Are you and your partner looking to become parents? Navigating the world of gay fatherhood, egg donation, and adoption or surrogacy for gay men and couples can be complicated. Here is an overview of gay family building:
Adoption vs Surrogacy for Gay Couples
The first step for gay men who want to pursue fatherhood is to consider surrogacy or adoption. Adoption is potentially a faster and less costly way to become a father and allows parenting of children from various age groups. It also provides a meaningful contribution to society and the child whose future may be uncertain. On the other hand, an adopted child’s biological parents may change their mind before the child is born, or even soon after. The process of eventually letting the child know of its adoption status may be emotionally taxing for the parents and the child, and psychological support may be needed. Other uncertainties that affect this decision include the unknown genetic background or medical history of the birth parents, or the environment in which the birth mother carried the baby which may affect the future health of the child.
The process of surrogacy for gay parents may be more costly and time-consuming but provides you with more control. Contractual agreements with the surrogate, especially in California and other select states, provide the most protective legal frameworks for gay surrogacy options, ensuring that the child will be placed with the parents after birth.
Gay Surrogacy Options and Considerations
Provided that prospective fathers choose the path of surrogacy, the next step is to decide whether one or both partners will become genetic fathers. One partner may have a strong desire to become the genetic father and the other may not, in which case it is an easy decision. If both wish to be genetic fathers, one embryo from each father can be transferred to have a twin pregnancy or transferred sequentially in a staggered manner.
Choosing the genetic father for surrogacy can be a difficult decision. In our experience, open and direct communication between the fathers is essential at this time as you take into consideration your preferences, goals, and respective family and medical histories.
Here are some things to think about, plan for, and discuss:
- How do you feel about having twins? Each father could contribute his sperm to fertilize eggs from the same or different egg donor.
- If twins aren’t an option, another possibility is having two children of different ages, each with a different genetic father.
- What does your fertility specialist think? It may be that one intended father has healthier sperm than the other.
- Consider your respective family medical histories. A family history of serious medical conditions should be taken into consideration when making a final decision.
- Are there physical traits that you would like to see in your child or children? Consider selecting the father who has these traits for genetic parenthood.
Finding an Egg Donor for Gay Couples
The next step after choosing the genetic father(s) is to choose an egg donor. Factors to consider about the egg donor include:
- The donor’s ethnic background
- Genetic and medical history
- Self-described personality traits
Having the ability to choose an egg donor is among the most desired qualities of egg donation. Typically, multiple embryos are created with the father’s sperm and the donor eggs. The embryos are then frozen, allowing intended parents to build their family over time with the same genetic material. Pinnacle Egg Bank has strict guidelines for egg donor screening process and selection which helps to ensure a healthy pregnancy and a healthy baby. You can view profiles of our exceptional egg donors in our online Donor Egg Bank.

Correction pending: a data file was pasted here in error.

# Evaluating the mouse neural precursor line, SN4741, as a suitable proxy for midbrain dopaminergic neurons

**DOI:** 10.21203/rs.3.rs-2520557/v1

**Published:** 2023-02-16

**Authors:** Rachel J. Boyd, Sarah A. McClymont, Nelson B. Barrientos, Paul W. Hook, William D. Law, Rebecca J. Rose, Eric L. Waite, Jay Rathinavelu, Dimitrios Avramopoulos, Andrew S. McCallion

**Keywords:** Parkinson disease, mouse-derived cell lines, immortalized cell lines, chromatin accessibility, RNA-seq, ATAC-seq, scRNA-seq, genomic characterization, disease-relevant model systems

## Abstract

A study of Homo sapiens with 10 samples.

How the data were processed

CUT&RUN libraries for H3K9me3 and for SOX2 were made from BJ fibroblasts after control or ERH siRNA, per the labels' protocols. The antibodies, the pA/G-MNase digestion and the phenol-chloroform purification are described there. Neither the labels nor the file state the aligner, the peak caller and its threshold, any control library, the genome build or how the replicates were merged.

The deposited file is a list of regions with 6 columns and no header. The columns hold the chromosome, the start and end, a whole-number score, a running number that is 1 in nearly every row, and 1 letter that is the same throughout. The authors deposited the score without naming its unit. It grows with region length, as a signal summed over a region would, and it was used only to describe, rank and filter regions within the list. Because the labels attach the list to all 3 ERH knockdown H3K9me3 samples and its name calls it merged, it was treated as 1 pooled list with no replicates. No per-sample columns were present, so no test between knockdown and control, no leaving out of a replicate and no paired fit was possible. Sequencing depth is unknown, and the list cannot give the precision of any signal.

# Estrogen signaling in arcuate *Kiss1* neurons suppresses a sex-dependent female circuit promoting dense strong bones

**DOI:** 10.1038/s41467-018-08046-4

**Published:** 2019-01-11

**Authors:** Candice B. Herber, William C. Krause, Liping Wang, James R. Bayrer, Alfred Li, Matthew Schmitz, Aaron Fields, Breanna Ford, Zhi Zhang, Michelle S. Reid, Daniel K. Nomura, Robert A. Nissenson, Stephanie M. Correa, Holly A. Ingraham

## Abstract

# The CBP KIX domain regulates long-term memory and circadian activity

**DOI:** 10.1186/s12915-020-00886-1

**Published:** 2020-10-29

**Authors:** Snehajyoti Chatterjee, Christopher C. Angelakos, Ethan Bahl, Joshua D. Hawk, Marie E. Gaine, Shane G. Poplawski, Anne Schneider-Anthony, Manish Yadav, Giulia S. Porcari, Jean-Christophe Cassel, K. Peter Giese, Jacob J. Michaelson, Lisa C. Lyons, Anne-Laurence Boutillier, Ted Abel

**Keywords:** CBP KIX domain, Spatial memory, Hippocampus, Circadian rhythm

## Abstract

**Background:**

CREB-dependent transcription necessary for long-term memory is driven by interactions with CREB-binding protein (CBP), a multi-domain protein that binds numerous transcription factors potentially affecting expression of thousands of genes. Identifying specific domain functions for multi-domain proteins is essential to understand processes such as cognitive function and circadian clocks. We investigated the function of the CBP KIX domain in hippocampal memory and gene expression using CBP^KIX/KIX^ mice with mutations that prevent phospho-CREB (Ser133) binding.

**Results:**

Choosing the Right Surrogate Mother
In addition to choosing an egg donor, prospective parents have to choose a surrogate and go through legal procedures to set up a contractual agreement. As our team outlined in the blog page about choosing the right surrogate, this process can be the most challenging, yet rewarding of all. Our standards for surrogates are extremely high and we actively seek to work with those women who are committed to be a surrogate mother for gay couples and individuals.
An important decision is choosing the birth location, which typically corresponds to the surrogate’s state of residence. Although California has led the nation in progressive surrogacy laws, other states are now following these precedents. It is important to note that in recent years, U.S. citizen gay fathers using internationally based surrogates have faced issues with the citizenship of their children.
Also, while the genetic father will automatically be listed on the birth certificate of the newborn, in some locations the non-genetic father will need to adopt the child in order to be fully considered a legal guardian. Consultation with an attorney expert in surrogacy law is critical to avoid encountering these challenges.
After choosing the biological father(s) and selecting an egg donor and a surrogate, the medical process of egg donation and embryo transfer can begin with the hope of welcoming a child into the world 9 months later!
Learn More About Egg Donation and Surrogacy for Gay Men
Our in-house team of surrogacy consultants is comprised of women who have been surrogates themselves, some of whom have even been a surrogate mother for a gay couple, and more than once. They have a long history of helping couples and individuals, LGBTQ+ and straight, become parents. In addition, they have worked with intended parents from across the nation as well as those living abroad. They can help you understand and navigate the process along with any challenges that you might face.
If you have any questions about gay fatherhood, don’t hesitate to contact us or call 310 566 1487 to speak to our patient coordinator. Read about our options for sperm washing services and more in our surrogacy for intended parents section.